Tuesday, May 22, 2012

Connecting the Dots: Obama's Value

What Makes Obama Worth a Billion Bucks?

First Dot: President Obama just became the first politician to ever collect over a billion dollars in career political contributions.
His total take reached $1,017,892,305 in April, some nine years after he began his 2004 race for the Senate. Obama is widely expected to raise at least $300 million more before November.
Second Dot: The Washington Post reports White House visitor logs provide window into lobbying activity.

The story points out the stark difference between promises and reality.
The visitor logs for Jan. 17 — one of the most recent days available — show that the lobbying industry Obama has vowed to constrain is a regular presence at 1600 Pennsylvania Ave. The records also suggest that lobbyists with personal connections to the White House enjoy the easiest access.

More than any president before him, Obama pledged to change the political culture that has fueled the influence of lobbyists. He barred recent lobbyists from joining his administration and banned them from advisory boards throughout the executive branch. The president went so far as to forbid what had been staples of political interaction — federal employees could no longer accept free admission to receptions and conferences sponsored by lobbying groups.

“A lot of folks,” Obama said last month, “see the amounts of money that are being spent and the special interests that dominate and the lobbyists that always have access, and they say to themselves, maybe I don’t count.”

The White House visitor records make it clear that Obama’s senior officials are granting that access to some of K Street’s most influential representatives. In many cases, those lobbyists have long-standing connections to the president or his aides. Republican lobbyists coming to visit are rare, while Democratic lobbyists are common, whether they are representing corporate clients or liberal causes.
The visits are apparently worth their while for the visitors.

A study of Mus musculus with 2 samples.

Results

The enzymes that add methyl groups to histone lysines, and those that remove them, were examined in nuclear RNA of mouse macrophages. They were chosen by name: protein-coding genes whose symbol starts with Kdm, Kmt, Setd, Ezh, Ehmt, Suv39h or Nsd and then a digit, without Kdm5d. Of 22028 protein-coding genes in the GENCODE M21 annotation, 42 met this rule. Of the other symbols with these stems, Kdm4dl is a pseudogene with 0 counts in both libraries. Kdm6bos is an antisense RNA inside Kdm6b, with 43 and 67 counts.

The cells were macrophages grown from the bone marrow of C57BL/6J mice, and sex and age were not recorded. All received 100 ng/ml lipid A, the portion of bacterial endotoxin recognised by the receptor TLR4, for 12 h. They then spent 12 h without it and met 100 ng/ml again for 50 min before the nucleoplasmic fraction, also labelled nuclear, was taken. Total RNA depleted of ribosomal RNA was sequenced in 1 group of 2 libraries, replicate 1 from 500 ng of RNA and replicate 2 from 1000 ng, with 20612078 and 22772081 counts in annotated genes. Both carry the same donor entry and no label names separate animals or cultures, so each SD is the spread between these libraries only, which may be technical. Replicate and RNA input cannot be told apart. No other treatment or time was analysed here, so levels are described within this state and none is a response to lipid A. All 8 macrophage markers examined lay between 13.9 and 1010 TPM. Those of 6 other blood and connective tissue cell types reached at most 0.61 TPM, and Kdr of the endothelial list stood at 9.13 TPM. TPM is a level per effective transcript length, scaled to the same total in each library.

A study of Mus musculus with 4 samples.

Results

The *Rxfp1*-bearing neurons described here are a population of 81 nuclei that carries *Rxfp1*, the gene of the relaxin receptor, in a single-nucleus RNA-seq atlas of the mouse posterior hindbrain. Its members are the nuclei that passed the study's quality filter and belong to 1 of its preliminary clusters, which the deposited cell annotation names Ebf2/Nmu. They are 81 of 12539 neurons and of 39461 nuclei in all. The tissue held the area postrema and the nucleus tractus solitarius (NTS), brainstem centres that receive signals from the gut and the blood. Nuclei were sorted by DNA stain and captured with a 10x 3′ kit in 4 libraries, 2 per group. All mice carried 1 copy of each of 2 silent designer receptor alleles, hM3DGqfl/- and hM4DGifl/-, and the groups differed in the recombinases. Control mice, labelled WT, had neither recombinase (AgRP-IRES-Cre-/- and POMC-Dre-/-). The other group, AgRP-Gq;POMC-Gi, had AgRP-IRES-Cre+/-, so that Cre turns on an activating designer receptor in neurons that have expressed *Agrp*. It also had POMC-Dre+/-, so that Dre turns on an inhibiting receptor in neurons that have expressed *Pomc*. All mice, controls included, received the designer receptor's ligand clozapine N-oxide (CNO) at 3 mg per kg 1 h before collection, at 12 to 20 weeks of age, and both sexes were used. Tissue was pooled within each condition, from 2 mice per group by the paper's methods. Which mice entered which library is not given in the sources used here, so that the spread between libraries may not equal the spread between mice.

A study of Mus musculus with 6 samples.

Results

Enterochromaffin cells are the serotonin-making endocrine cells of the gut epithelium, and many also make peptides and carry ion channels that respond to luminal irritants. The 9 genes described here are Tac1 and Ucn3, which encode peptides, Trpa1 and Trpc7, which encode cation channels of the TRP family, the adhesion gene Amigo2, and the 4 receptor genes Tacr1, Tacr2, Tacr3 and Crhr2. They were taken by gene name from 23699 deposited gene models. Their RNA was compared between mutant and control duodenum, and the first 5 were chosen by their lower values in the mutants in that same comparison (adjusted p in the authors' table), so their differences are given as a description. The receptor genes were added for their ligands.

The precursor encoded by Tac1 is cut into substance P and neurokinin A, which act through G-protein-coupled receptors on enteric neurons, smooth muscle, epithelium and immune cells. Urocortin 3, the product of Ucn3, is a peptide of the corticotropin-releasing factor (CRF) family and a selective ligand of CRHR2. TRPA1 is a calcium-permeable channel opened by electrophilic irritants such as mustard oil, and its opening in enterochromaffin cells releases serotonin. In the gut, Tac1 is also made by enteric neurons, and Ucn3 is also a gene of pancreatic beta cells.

In April 2011, [Lobbyist Marshal] Matz came to the Old Executive Office Building with the owner of Beef Products Inc. to meet with Robin Schepper, a woman he has known for years who heads Michelle Obama’s anti-obesity campaign. The company owner argued that one of his products should be promoted for school lunches, according to two participants in the meeting.
AFL-CIO lobbyist Bill Samuel visited the White House over 50 times. Tim Hannegan, whose clients include Comcast and Taser International, and who is also the top lobbyist for a coalition of for-profit colleges, has visited the White House over 30 times.
In October, Hannegan gathered at the Old Executive Office Building with the CEO and a lobbyist from his client Kelly Services and aides in charge of the president’s jobs council. Among other things, the group discussed a tax credit that Kelly, which supplies temporary office staffers, was pushing to encourage companies to hire unemployed veterans. Obama signed into law the credit, known as the VOW to Hire Heroes Act, a month and a half later.
Connecting the dots: brings home the lesson about lobbying that we learned in Concentrated Benefits, Dispersed Costs.

Courtesy of the Washington Post, you too can now examine an interactive White House Visitor's Database and explore the wonderful world of crony politics.

...and that's all I have to say about that.

1 comment:

  1. When power over the people is given to "some people," tyranny is the inevitable result.

    There are no "right people" who should have power over you.